Blair prison sees population shifts
Warden says numbers ‘a result of the world opening back up’
HOLLIDAYSBURG — Blair County’s prison population climbed to 280 this month, its highest level since November’s 309 inmates.
The population has since declined to 258 inmates as of Thursday, reports show.
“It’s a result of the world opening back up,” Warden Abbie Tate said in describing the noticeable changes in prison population levels as Blair County’s COVID-19 cases continue declining.
“We’ve been seeing our (inmate) numbers go up and down drastically,” Tate said, recalling a recent day when the population increased by 40 inmates. “Then it goes back down.”
When COVID-19 cases started surfacing in the community in March 2020, the prison was housing 377 inmates.
As concerns about the deadly virus grew, a combination of efforts were initiated to release and transfer inmates and to restrict admissions. By April 2020, the prison’s population was down to 245 inmates.
Even though the county prison now averages about 265 inmates, Tate said the county still needs to explore options for the facility’s future.
Before COVID-19’s outbreak, county prison board members spoke of visiting other prisons and collecting information that could be used to map out a future for the aged facility. Those options might have included the purchase of a building or the building of a new prison.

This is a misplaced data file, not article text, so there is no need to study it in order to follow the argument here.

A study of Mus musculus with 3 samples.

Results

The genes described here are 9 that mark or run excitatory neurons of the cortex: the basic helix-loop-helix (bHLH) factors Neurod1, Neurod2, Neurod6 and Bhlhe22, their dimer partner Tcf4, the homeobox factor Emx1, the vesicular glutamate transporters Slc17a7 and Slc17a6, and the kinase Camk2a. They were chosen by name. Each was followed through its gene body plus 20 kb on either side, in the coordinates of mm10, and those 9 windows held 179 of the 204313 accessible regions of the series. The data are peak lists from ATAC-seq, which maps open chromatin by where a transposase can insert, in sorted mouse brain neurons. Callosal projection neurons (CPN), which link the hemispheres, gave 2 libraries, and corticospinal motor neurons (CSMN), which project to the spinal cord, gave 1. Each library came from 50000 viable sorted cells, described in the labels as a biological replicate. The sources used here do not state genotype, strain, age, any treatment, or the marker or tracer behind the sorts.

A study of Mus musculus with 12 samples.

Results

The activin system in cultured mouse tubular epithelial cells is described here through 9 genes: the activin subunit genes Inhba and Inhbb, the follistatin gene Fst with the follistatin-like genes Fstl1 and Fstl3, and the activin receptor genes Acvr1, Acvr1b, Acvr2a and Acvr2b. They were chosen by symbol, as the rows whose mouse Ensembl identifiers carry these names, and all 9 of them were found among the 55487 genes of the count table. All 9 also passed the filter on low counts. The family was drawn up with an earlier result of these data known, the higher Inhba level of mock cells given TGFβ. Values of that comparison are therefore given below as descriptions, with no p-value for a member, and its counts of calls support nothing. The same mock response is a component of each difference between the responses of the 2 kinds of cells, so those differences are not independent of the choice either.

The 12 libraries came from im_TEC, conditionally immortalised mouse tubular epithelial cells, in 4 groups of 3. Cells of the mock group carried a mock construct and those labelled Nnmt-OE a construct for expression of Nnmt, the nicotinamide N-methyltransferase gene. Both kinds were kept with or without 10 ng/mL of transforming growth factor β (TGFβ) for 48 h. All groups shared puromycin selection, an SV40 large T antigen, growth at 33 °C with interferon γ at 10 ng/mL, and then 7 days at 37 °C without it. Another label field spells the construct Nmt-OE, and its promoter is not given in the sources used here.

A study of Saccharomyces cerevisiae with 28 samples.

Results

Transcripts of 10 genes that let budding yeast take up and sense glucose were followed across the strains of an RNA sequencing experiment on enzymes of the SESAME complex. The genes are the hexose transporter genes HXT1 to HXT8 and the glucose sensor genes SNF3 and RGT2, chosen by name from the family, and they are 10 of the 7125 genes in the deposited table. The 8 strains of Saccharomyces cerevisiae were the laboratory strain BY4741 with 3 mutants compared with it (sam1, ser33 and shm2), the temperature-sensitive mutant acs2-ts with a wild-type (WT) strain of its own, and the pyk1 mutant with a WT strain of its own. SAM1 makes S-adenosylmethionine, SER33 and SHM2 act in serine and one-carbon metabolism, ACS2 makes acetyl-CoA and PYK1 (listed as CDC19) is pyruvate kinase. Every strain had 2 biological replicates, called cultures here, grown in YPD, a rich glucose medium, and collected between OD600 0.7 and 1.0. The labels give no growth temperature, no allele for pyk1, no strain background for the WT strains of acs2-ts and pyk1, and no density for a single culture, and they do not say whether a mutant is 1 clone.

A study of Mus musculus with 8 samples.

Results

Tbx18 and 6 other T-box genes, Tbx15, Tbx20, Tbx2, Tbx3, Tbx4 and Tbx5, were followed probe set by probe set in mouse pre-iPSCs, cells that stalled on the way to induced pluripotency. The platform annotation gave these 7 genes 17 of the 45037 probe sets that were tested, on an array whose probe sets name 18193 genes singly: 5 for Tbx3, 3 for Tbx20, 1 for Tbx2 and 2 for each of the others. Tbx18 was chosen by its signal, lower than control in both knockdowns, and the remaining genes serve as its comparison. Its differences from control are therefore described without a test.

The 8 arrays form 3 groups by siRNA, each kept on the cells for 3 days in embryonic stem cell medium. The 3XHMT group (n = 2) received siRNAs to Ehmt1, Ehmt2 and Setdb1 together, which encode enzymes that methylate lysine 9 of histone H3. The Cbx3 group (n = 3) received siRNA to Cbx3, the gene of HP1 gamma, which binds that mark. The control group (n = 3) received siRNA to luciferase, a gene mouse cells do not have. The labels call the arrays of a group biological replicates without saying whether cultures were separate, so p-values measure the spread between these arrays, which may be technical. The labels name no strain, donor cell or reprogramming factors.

No matter whether the county prison holds 200 or 300 inmates, Tate said the building remains a hard place to work because of its “chopped up” layout that developed through additions and renovations. It’s also a difficult place to wire for communication devices because of its thick walls.
While the county has seen an increase in local juveniles facing charges of homicide and attempted homicide, most of them are being housed in state prisons with accommodations for young offenders.
The county prison, Tate said, doesn’t have enough space to keep them separated from other inmates or from their co-defendants at the request of prosecutors.
“None of us can control the kind of crimes being committed,” she said.
In the meantime, the prison board is hoping to see some ideas from L.R. Kimball Architects of Ebensburg that could suggest future plans for the 152-year-old Gothic-style structure. The jail was built in 1875 and 1876 based on historical records.
Tate said she and Deputy Warden James Eckard went over the prison floor plan with Kimball representatives who offered no prediction as to when they will generate information and recommendations.
Their work isn’t costing the county anything at this time, Controller A.C. Stickel told the county prison board. But the Kimball research could lead to additional work or research that will be at a cost to the county.
Mirror Staff Writer Kay Stephens is at 814-946-7456.